Definition of Financial Records: What Are Financial Records and How Long Should You Keep Them?

Definition of Financial Records:  What Are Financial Records and How Long Should You Keep Them?

I truly believe that some of us (like my husband) have every pay stub and tax return from the time they first got a job or filed an income tax return. In fact, some of us even save home utility bills or other monthly expense records long after they’re needed.

To answer the question what is the definition of financial records, think of all transaction information, whether it be in paper or electronic format, that involves your money or investments as a financial record.

For example, this can mean paychecks you receive, investments you make such as CDs, stocks, bonds or annuities. Your retirement plans and even checking and savings bank records also involve you and your money—past, current, and future, so they are also considered financial records.

Some records that have no cash value currently such as life insurance policies or short or long-term disability policies. These are also financial records that are important to keep.



UMB Financial Corporation, offers great information on the definition of financial records and how long you should keep them. Here are some of the tips they offer:

  • Individual Retirement Accounts (IRA) – These should be saved permanently. The reason this is essential is that by keeping these documents, you and your tax professional will have easy access and a record keeping of withdraws and contributions made for tax filing purposes.
  • Tax Returns – Most of us think we should keep these forever, just in case. UMB suggests keeping them three to six years as the IRS has up to three years to audit returns and six years to contest your stated income if they feel you understated income by 25% or more.
  • Bank Records – Checking and savings records should be kept one to two years, especially copies of cancelled checks that you may need as proof as deductible expenses for your tax return. Line of credit statements and CD investments from banks should be kept as long as the credit line is open and until the CD matures.
  • Retirement Records – The investments you make toward your retirement are also a good definition of financial records. As a rule of thumb, UMB says to keep records of any investments from one year to permanently. The reason for the large gap? Smaller stock and bond investments where you receive quarterly statements are usually only needed for one year when completing your tax returns. Other long-term retirement investments should be kept longer or until you sell investments that reveal capital gains or losses.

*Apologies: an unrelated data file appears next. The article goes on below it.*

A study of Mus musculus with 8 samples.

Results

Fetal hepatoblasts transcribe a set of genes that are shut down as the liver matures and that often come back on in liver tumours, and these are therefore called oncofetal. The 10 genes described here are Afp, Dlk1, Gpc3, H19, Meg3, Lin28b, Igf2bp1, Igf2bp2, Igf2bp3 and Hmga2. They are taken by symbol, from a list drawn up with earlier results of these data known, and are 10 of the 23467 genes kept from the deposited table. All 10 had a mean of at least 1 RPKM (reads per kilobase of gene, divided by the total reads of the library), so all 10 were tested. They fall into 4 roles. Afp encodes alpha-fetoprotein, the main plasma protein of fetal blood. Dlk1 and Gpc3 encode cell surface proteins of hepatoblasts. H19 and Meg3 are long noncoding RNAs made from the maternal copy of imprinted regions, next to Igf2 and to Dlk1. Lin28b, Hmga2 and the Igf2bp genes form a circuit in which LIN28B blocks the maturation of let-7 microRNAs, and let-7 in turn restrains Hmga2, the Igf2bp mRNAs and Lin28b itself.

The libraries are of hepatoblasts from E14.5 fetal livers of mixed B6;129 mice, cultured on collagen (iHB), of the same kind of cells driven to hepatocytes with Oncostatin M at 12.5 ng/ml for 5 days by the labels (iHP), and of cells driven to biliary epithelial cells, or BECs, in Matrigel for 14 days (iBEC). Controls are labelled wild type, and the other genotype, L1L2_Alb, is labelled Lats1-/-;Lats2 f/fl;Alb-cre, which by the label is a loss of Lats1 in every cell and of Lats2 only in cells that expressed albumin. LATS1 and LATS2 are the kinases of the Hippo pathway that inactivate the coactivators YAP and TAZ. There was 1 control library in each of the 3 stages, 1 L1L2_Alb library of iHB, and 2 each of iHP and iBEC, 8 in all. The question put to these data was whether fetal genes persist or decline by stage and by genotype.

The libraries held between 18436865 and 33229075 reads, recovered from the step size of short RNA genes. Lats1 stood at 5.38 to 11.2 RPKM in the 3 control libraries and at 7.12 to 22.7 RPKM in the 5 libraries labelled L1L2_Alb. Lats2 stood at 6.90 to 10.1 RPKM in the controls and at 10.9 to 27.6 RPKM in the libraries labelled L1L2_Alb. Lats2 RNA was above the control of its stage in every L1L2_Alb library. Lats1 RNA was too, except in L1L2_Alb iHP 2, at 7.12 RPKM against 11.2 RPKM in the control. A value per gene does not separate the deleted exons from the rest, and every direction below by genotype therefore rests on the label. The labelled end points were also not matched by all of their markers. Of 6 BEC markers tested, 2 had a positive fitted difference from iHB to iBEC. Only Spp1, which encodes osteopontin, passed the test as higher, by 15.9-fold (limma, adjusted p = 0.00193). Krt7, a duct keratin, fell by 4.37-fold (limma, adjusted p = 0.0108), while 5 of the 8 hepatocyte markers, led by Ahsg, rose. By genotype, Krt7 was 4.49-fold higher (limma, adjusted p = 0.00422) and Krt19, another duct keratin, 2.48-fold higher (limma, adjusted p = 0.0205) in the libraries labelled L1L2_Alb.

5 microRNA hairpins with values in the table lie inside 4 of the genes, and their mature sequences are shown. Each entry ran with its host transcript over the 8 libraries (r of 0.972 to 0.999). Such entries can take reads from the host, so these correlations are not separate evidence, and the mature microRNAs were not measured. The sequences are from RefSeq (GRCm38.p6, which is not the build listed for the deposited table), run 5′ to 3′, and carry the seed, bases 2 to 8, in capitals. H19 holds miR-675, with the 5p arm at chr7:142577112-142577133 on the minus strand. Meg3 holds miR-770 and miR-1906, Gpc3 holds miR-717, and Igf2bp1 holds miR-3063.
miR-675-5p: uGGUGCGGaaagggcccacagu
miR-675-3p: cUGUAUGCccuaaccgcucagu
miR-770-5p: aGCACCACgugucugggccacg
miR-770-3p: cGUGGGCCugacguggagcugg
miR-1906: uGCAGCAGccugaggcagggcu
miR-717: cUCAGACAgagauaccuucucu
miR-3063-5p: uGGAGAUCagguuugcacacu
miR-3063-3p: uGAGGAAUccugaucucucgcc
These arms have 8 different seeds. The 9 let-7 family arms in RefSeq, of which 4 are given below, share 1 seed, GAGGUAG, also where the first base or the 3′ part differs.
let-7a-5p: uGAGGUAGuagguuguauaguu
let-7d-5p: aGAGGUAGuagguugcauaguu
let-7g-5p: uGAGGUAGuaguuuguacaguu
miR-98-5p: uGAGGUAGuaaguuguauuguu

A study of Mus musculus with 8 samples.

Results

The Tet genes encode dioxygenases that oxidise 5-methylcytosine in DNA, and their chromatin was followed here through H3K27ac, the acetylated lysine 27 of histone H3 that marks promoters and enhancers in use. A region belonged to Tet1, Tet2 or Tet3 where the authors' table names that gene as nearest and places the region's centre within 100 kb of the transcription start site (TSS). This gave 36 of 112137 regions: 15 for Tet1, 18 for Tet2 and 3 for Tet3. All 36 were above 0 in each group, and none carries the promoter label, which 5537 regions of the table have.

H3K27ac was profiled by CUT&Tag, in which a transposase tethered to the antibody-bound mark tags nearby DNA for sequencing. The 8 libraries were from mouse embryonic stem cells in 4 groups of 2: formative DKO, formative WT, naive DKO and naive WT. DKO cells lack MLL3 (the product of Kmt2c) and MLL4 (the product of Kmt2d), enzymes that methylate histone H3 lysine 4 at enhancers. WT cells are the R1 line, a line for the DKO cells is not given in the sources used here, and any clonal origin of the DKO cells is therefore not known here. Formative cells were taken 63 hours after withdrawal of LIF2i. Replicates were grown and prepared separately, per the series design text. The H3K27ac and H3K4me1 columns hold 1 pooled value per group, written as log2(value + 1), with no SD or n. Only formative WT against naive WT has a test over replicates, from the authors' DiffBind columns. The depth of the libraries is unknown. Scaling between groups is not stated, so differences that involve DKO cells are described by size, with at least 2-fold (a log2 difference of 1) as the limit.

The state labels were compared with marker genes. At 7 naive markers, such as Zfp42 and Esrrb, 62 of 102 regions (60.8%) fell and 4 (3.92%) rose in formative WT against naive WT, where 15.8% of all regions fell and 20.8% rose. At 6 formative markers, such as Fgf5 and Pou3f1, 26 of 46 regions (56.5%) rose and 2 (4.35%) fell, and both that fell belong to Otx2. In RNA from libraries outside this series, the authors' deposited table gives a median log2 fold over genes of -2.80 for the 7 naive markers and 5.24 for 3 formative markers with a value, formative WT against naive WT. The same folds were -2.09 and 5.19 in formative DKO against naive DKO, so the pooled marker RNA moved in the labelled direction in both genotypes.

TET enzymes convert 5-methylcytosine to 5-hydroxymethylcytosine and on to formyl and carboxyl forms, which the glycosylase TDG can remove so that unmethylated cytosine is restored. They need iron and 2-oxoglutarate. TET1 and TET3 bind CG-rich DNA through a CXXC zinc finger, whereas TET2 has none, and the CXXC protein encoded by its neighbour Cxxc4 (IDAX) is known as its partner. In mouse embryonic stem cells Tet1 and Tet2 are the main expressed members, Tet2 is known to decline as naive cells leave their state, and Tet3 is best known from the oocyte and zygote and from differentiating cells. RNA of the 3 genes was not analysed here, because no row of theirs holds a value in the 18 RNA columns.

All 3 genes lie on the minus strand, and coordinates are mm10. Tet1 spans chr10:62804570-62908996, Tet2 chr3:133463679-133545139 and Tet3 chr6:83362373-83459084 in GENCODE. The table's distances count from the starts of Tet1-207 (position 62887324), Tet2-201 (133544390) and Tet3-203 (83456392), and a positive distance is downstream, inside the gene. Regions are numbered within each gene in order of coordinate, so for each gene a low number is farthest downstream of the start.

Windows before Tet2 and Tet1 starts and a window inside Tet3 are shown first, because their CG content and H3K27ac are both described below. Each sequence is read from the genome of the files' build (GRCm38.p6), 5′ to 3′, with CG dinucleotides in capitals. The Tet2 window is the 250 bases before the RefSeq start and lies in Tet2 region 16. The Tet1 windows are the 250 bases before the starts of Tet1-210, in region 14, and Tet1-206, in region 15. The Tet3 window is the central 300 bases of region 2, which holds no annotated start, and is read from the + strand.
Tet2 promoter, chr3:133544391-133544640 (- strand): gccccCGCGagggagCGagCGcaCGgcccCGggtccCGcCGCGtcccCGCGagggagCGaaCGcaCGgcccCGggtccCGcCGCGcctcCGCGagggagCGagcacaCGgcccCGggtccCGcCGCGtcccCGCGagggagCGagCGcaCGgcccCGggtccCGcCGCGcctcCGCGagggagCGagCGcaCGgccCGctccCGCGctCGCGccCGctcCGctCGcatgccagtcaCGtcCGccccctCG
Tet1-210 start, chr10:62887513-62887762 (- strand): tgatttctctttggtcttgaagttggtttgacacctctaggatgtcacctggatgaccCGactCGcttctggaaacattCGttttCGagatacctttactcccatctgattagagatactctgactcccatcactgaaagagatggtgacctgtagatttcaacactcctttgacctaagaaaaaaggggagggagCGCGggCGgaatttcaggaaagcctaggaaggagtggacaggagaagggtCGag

• Insurance – No matter the type whether it’s life, long or short-term disability and even credit insurance policies, these should all be kept until they mature or permanently until utilized.
  • Income Information – It’s a good idea to keep your pay stubs for one year and then match the information to the W-2 or 1099 you receive. If the stubs match the IRS reporting documents, you can most likely through away the pay stubs, but W-2s, 1099s, and other income source documents should be kept 6 years to permanently.
  • Monthly Bills – Do you really need to keep all of your telephone and utility bills forever? UMB says no and suggests throwing away household bills once paid. They do offer, however, that if any monthly bills will be needed to complete your tax return, they should be kept until after the annual return is submitted to the IRS.
  • Property – This means land, homes, condos, and any other type of real property investment. These records should be kept permanently or until you sell the real property.



  1. Shred Them – Invest in a shredder machine to prevent identity theft thieves from obtaining tossed records in a trashcan. If you can’t afford a shredder, some banks offer shred-fests at least annually and will perform this service for free.
  2. Electronic Records – One thing I do like about my accountant is that every financial record I offer them to prepare my annual tax returns, including the tax returns, are scanned by them and transferred to a CD or DVD in a .pdf format. If you can do this yourself, this is a great idea as it eliminates the need for storing paper records and you can still print out what you need.

Now that you understand the definition of financial records, and how long you should keep your financial information, perhaps it’s time to head to your files and get rid of some of the stuff you don’t need. After all, it will build back up again over time meaning, you need the storage or filing space.